Pressure is building for a renewed 2016 Shareholder Spring

Remuneration policy should be consistent with effective risk management policies. Performance metrics should relate to the companys articulated strategy and risk tolerance, thereby aligning the interests of executives with the interests of long term investment money. Any good remuneration package will reflect an alignment of interests between the executive and the shareholders, incentivise through challenging performance criteria and deploy appropriate claw back arrangements which focus the mind.


The Investment Association is hopeful that it can drive a change in behaviours away from the complexity and potentially distortive effect of Long-Term Incentive Plans, believing such plans to often result in a poor alignment of interests between executives and shareholders.

The Quoted Companies Alliance, which supports companies outside of the FTSE 350 is a clear voice for transparency, proportionality and simplicity and has recently revised its “Remuneration Committee Guide for Small and Mid-Size Quoted Companies“, focussed on companies having an open and frank engagement with shareholders on remuneration issues and putting in place packages which can be well understood by both executives and shareholders.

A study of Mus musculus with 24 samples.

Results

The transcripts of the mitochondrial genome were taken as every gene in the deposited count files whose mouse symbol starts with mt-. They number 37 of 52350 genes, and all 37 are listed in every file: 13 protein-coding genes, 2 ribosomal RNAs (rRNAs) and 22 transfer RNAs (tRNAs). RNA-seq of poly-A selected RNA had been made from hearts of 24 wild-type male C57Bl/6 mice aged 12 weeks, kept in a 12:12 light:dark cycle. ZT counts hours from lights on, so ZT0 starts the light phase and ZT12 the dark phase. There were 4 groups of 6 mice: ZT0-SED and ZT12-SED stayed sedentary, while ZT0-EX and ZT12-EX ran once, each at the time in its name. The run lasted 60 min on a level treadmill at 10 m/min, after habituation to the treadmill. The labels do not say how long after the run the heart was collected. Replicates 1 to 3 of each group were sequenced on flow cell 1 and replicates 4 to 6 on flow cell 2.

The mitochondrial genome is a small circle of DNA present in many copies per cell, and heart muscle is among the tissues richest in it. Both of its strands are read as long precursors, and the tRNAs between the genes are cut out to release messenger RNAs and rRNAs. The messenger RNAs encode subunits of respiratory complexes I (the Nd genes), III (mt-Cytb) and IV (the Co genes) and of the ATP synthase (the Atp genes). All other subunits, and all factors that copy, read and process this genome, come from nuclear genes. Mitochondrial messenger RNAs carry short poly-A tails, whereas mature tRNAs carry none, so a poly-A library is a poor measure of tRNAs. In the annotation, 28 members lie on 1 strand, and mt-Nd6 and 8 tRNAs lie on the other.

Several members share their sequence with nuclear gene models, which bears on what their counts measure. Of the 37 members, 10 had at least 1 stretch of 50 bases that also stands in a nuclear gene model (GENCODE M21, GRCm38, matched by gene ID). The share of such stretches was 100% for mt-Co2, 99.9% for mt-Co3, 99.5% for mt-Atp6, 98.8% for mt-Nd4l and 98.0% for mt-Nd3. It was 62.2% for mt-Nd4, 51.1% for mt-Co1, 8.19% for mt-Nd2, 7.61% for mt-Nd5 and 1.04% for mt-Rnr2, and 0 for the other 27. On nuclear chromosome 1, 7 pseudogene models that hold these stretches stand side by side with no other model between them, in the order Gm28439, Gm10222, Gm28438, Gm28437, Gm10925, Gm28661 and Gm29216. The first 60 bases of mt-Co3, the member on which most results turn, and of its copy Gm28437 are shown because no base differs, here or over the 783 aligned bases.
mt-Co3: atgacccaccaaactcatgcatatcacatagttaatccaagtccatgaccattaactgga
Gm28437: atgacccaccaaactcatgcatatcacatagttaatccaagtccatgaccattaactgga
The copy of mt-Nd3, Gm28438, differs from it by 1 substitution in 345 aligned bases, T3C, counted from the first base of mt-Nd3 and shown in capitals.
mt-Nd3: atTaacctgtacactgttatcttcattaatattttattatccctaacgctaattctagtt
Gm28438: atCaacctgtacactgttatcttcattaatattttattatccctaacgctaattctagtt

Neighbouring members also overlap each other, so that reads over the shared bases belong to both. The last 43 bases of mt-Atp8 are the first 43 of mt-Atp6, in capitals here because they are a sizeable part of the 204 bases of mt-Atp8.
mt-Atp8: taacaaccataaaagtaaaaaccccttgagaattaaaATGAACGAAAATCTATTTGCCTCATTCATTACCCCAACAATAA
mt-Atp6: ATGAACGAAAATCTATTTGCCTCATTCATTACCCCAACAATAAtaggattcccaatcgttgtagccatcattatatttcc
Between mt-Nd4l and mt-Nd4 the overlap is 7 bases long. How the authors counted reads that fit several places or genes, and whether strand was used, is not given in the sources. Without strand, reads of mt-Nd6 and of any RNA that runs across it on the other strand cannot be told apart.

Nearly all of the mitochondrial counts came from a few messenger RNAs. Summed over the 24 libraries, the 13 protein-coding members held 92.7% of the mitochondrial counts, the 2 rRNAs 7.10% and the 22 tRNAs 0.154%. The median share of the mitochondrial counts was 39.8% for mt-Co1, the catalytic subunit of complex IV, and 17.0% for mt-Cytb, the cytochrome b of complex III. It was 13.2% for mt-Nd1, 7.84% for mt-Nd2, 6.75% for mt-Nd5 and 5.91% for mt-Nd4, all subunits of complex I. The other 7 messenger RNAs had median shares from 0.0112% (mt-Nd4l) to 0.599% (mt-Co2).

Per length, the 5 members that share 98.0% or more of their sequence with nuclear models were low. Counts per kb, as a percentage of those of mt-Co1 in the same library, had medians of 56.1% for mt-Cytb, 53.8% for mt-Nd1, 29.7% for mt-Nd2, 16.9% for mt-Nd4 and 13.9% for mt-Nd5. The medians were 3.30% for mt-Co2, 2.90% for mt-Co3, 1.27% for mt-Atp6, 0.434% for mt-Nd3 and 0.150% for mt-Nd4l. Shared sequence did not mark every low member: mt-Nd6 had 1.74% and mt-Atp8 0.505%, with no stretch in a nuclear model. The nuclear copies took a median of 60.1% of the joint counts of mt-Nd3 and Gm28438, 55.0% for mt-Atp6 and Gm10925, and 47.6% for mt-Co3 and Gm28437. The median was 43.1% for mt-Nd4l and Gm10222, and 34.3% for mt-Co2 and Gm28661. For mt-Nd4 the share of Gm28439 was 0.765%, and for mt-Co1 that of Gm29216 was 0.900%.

In addition, ShareSoc, the body which supports individuals who invest directly in the stock market, has created a document setting out the expectations on pay for its members which, again, repeats the call for good engagement, removing unnecessary complexity, and ensuring a good alignment of interests.

What is key is to have positive engagement with shareholders. Shareholders who understand the thinking of a remuneration committee are likely to be better inclined to support its awards. In an environment where packages are inevitably smaller than for the larger listed companies there is a real possibility of smaller companies being able to set a better example to their larger cousins on our public markets.

Edward Craft is a partner at Wedlake Bell.